And the award goes to… a rat? But Magawa is no ordinary rodent. He is an African giant pouched rat trained to sniff out landmines. Larger than the average rat, Magawa, at 70cm long and 1.2kg, is still lightweight enough not to trigger a landmine.
Well-loved by his handler Malen, Magawa is described by his employer as a ‘determined worker and always friendly’. He works for 20 minutes in the morning, has the weekend off and has an assured retirement plan. Not bad for a rat.
APOPO (Anti-Personnel Landmines Detection Product Development) is a Belgian non-profit organisation which has been training rats to detect landmines since 1997. They joined the demining efforts in Cambodia in 2014. Magawa is APOPO’s most successful HeroRAT, having discovered 39 landmines and 28 items of unexploded munitions to date, in 141,000 square meters — that’s the size of 20 football pitches.
With each discovery, he prevents another person from being maimed or killed.
After three decades of war, it is estimated that there are four to six million landmines laid in Cambodia, with about three million still to be detected. Cambodia has one of the highest casualty rates in the world with 25,000 amputees recorded since 1979.
Magawa was born in Tanzania at the APOPO headquarters and travelled to Siem Reap in 2016 where he is stationed. He is seven years old and has spent five years working in the field. African giant pouched rats have an extraordinary sense of smell which make them perfect for the job. At four to five weeks, the rats are exposed to all sorts of sights, noises and smells to prevent them from being skittish.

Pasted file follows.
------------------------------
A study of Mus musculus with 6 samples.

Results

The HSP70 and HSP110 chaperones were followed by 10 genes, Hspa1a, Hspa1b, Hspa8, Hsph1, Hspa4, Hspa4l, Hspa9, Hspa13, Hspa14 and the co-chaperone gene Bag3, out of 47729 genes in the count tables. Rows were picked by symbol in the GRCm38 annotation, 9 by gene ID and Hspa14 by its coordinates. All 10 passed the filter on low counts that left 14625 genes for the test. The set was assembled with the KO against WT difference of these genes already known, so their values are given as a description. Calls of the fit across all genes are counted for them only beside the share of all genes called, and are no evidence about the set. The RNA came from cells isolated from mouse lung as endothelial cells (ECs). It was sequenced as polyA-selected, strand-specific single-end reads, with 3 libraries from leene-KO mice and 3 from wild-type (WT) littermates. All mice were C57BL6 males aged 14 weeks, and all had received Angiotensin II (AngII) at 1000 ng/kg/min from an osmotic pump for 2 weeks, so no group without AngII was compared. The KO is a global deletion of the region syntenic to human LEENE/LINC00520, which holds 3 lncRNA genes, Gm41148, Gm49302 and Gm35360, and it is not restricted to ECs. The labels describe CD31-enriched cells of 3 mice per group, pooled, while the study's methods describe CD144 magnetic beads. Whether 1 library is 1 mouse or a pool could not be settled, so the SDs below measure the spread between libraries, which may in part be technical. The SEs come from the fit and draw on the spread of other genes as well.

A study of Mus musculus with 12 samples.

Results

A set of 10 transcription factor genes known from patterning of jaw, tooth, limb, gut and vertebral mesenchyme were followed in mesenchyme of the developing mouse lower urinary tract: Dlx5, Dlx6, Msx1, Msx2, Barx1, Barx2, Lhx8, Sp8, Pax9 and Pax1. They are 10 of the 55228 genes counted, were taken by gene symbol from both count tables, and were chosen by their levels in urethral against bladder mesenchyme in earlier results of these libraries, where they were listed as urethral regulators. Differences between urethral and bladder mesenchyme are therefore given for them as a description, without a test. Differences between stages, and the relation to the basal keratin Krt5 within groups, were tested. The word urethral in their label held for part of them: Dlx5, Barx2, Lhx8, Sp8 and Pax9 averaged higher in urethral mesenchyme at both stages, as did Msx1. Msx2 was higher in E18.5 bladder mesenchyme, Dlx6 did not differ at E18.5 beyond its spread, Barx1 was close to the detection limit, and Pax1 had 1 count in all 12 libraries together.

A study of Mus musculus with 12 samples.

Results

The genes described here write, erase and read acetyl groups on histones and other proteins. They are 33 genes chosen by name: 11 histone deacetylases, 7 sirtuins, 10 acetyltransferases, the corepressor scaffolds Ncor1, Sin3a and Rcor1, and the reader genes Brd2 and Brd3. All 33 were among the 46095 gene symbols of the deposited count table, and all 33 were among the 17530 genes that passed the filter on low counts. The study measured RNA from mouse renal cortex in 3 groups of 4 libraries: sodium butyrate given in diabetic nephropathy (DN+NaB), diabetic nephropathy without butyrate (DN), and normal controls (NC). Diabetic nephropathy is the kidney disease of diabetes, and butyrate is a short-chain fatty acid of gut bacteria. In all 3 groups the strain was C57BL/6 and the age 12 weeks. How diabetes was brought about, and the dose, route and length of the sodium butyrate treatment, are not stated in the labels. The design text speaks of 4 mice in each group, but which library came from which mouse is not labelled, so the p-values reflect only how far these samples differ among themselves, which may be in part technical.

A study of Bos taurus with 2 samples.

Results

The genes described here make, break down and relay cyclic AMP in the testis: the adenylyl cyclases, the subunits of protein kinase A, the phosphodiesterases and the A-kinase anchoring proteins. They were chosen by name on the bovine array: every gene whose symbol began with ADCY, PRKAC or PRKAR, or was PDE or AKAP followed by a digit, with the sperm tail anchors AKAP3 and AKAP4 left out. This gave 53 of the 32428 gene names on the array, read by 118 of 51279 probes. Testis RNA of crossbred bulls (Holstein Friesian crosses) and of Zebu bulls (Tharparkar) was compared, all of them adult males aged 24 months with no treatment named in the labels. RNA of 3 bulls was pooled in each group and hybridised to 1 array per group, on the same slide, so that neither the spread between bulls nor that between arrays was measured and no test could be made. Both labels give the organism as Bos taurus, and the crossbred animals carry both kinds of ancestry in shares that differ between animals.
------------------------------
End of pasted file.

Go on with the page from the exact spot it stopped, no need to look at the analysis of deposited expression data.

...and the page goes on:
Their training takes about a year and includes uncovering TNT-scented paper in metal tea eggs buried in the soil. To graduate, they need to be able to clear a specified area without missing any mines.
Magawa can cover a 200 square metre minefield in 20 minutes.
A human with a metal detector would take up to four days to demine the same area. Since rats’ olfactory senses detect only objects with explosive chemicals and ignore uncontaminated scrap metal, they are more efficient. When Magawa locates a landmine, he scratches the ground to signal the exact location. The landmine is subsequently either exploded on the spot or moved to a controlled area to be detonated.
You can watch how Magawa was trained on the APOPO website.
The People’s Dispensary for Sick Animals’ (PDSA) Gold Medal is also known as the animals’ George Cross. It is the highest honour awarded by the UK charity for civilian acts of animal bravery and dedication to protecting civilian life. The medal is inscribed with the words ‘For animal gallantry or devotion to duty.’ The organisation has awarded 30 Gold Medals. The other 29 were awarded to ‘man’s best friend’.
APOPO trained rats are also used to help diagnose tuberculosis in collaboration with over 100 public clinics in Tanzania, Mozambique and Ethiopia. They hope to be able to train rats to identify other diseases in the future.